By Harris Bor
Philosophy has its place, but sometimes, to effect real change a full physical and emotional engagement is needed. The Seder represents such engagement on a national scale. We are told that each person should see him or herself as having come out of Egypt. That is, to feel what it’s like to have been a slave in Egypt and saved by the ultimate power, and to embrace the expectation and weight of responsibility implicit in that encounter.
Everything at the Seder is directed to reliving that experience, to awakening feelings of gratitude and a sense of purpose and destiny. Hence, the questions we ask, the foods we eat, the stories we tell, the songs we sing. The goal is not just physical redemption – freedom from servitude and tyranny – but the attainment of an inner freedom, a right to determine one’s own destiny.
We do not, however, desire unlimited autonomy, but recognise that our own desires must be checked by the needs of society. Our recent experience with Covid-19 has brought this home. The loss of freedom brought about by the pandemic dented our well-being and motivation. We wanted to resist the laws imposed upon us, but also understood their role in ensuring public safety. In every crisis and disaster there is a trade-off between freedom and security. We live with that tension every day. The Haggadah is sensitive to this need for balance. It encourages spontaneity, within a defined structure, poetry with form.
Take for example, the requirement to recite Hallel at the Seder, the prayer of thanksgiving based on Psalms 113-118. We recite Hallel on many festivals and Rosh Chodesh (the New Moon). However, unlike the Hallel of festivals, the Hallel we say at the Seder is not preceded by a blessing. It is said in our homes, rather than the synagogue. It is said sitting down, not standing. And it is not recited as a single unit but divided into two parts- one which is recited before the meal and one which is recited after the meal. What is going on? Why these differences?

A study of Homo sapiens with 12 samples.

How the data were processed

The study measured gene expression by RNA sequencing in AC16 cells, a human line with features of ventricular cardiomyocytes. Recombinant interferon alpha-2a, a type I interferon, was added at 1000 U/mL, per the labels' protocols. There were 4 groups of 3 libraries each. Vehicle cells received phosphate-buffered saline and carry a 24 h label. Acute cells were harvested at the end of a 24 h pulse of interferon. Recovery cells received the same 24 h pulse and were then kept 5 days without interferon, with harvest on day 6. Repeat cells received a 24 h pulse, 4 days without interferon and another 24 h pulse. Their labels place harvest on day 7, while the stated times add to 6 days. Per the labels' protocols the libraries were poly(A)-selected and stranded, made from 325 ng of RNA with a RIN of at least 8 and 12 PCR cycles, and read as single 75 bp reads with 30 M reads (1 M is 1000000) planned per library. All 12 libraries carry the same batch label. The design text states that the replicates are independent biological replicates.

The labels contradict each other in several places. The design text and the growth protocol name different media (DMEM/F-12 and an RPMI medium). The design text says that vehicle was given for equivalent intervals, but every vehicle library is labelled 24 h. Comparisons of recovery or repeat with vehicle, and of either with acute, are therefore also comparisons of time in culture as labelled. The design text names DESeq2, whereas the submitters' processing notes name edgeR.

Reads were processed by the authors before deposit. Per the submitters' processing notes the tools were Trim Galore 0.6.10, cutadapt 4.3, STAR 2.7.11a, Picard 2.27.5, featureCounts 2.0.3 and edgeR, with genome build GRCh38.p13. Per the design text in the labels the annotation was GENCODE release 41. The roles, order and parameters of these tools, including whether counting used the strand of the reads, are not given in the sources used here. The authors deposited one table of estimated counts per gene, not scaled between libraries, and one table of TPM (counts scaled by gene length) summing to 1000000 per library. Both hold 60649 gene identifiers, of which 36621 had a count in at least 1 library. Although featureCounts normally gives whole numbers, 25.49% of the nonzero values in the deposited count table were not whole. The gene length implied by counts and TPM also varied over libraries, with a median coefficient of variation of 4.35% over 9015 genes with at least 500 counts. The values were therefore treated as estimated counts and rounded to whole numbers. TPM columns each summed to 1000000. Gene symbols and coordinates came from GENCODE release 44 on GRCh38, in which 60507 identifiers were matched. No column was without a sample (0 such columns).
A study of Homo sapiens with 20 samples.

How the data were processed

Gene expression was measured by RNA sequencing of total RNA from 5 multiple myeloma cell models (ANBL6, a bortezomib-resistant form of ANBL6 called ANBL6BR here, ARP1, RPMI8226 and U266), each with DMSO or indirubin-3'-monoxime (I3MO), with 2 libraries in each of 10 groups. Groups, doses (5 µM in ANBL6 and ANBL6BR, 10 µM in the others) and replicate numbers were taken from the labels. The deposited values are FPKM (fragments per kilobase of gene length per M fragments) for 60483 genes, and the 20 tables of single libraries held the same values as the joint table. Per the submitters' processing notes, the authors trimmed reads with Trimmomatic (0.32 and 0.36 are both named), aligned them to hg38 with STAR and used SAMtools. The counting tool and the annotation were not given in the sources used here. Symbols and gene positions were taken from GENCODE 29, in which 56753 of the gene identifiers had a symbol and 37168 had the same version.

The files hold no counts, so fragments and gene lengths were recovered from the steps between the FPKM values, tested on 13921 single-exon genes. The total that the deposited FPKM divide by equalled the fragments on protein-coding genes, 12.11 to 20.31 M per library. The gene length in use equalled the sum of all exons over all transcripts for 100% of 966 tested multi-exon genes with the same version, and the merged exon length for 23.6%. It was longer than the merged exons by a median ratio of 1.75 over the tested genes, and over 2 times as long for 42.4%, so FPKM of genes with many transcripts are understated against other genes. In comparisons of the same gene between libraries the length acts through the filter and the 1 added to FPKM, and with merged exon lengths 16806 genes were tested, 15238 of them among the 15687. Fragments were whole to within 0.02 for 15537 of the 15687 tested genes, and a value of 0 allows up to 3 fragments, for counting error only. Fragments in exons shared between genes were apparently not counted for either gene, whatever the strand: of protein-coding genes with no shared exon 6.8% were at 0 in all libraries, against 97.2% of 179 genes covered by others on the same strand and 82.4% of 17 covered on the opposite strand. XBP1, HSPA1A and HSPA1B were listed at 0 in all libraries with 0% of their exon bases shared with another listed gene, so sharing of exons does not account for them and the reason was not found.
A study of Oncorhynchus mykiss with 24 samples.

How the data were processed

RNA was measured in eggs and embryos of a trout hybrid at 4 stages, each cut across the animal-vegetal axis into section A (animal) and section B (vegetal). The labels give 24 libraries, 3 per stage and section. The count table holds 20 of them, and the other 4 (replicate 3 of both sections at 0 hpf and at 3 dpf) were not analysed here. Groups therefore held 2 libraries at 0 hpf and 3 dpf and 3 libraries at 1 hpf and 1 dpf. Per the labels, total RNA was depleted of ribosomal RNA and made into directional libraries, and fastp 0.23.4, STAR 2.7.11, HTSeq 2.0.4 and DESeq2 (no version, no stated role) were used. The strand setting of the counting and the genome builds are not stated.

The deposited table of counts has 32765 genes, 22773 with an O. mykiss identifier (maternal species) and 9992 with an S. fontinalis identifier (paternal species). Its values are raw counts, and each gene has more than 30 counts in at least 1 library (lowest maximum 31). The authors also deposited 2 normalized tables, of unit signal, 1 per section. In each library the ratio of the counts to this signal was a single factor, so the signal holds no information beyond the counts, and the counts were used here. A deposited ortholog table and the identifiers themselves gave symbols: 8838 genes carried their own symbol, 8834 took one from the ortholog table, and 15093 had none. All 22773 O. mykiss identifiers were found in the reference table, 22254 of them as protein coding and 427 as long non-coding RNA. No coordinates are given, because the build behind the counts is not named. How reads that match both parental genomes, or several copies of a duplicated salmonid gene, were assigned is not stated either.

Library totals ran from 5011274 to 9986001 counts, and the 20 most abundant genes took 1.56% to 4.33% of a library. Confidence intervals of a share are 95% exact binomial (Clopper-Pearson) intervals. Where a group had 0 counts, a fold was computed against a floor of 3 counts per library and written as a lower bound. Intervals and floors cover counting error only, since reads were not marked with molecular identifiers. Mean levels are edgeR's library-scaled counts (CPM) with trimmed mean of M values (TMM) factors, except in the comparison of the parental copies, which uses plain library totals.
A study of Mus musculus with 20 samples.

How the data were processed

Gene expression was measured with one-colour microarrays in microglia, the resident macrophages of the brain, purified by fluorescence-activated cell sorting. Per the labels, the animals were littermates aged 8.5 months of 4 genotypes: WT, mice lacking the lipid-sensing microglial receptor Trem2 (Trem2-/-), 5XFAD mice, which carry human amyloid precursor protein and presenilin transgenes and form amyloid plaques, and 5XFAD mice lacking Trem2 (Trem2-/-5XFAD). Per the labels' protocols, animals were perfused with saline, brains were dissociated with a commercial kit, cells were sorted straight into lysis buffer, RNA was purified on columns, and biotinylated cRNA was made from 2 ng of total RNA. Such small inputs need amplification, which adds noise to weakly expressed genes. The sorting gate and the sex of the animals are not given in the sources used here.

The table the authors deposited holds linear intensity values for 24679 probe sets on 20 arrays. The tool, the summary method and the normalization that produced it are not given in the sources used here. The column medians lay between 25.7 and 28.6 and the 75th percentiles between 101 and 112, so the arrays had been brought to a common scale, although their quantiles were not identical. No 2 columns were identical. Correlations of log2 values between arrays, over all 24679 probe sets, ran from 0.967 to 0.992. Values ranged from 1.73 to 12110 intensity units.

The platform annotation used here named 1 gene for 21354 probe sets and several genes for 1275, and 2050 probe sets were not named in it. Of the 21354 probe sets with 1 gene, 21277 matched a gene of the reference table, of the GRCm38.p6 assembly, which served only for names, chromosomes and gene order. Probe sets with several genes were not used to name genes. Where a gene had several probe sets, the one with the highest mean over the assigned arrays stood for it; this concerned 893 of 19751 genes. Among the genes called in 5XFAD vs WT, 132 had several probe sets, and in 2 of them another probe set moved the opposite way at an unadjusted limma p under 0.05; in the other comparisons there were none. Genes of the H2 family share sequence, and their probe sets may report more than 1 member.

The Talmud (TB Pesachim 117a) records that the Prophets established the recitation of Hallel on every “significant epoch” and when trouble befell the Jewish people. Some see this as establishing two separate obligations- an obligation to express gratitude for a historical event and an obligation to express gratitude in the moment of salvation itself. R. Yitzchok Zev Soloveitchik (The Brisker Rov) (1886-1959) explains that the Hallel recited at the Seder falls into this latter category. It does not commemorate a historic event but is part of the Haggadah’s experiential metaverse. It arises spontaneously out of our very own release from slavery.
Relying on Rav Hai Gaon (939-1038), Rabbi Soloveitchik further distinguishes these two Hallels. The Hallel of commemoration is read (and preceded by a blessing), whereas the Hallel of the Seder is sung (and there is no blessing). The Seder Hallel is part of an order (the Seder) and contains most of the same words as the festival Hallel, but does not follow its rigid form, and is to be sung not read, each person in their own voice and own style. Poetry and form. Freedom and security. The individual and community.
Song is the voice of the oppressed and newly free. It emerges unprompted, communicates value, lifts the spirits, and crosses boundaries. In an epigraph, Dorothy Cotton (1930-2018), an American civil rights activist, describes the significance of song for the 1950s/1960s Civil Rights Movement in which she participated: “After we were attacked, we’d come back to the church, and somehow always we’d come back bleeding, singing “I love everybody”… the more we sing it, the more we grow in our ability to love people who mistreat us so bad.” Hallel does not require us to love those who mistreat us, but does move us beyond hate towards a place of hope and gratitude, and from darkness to a great light.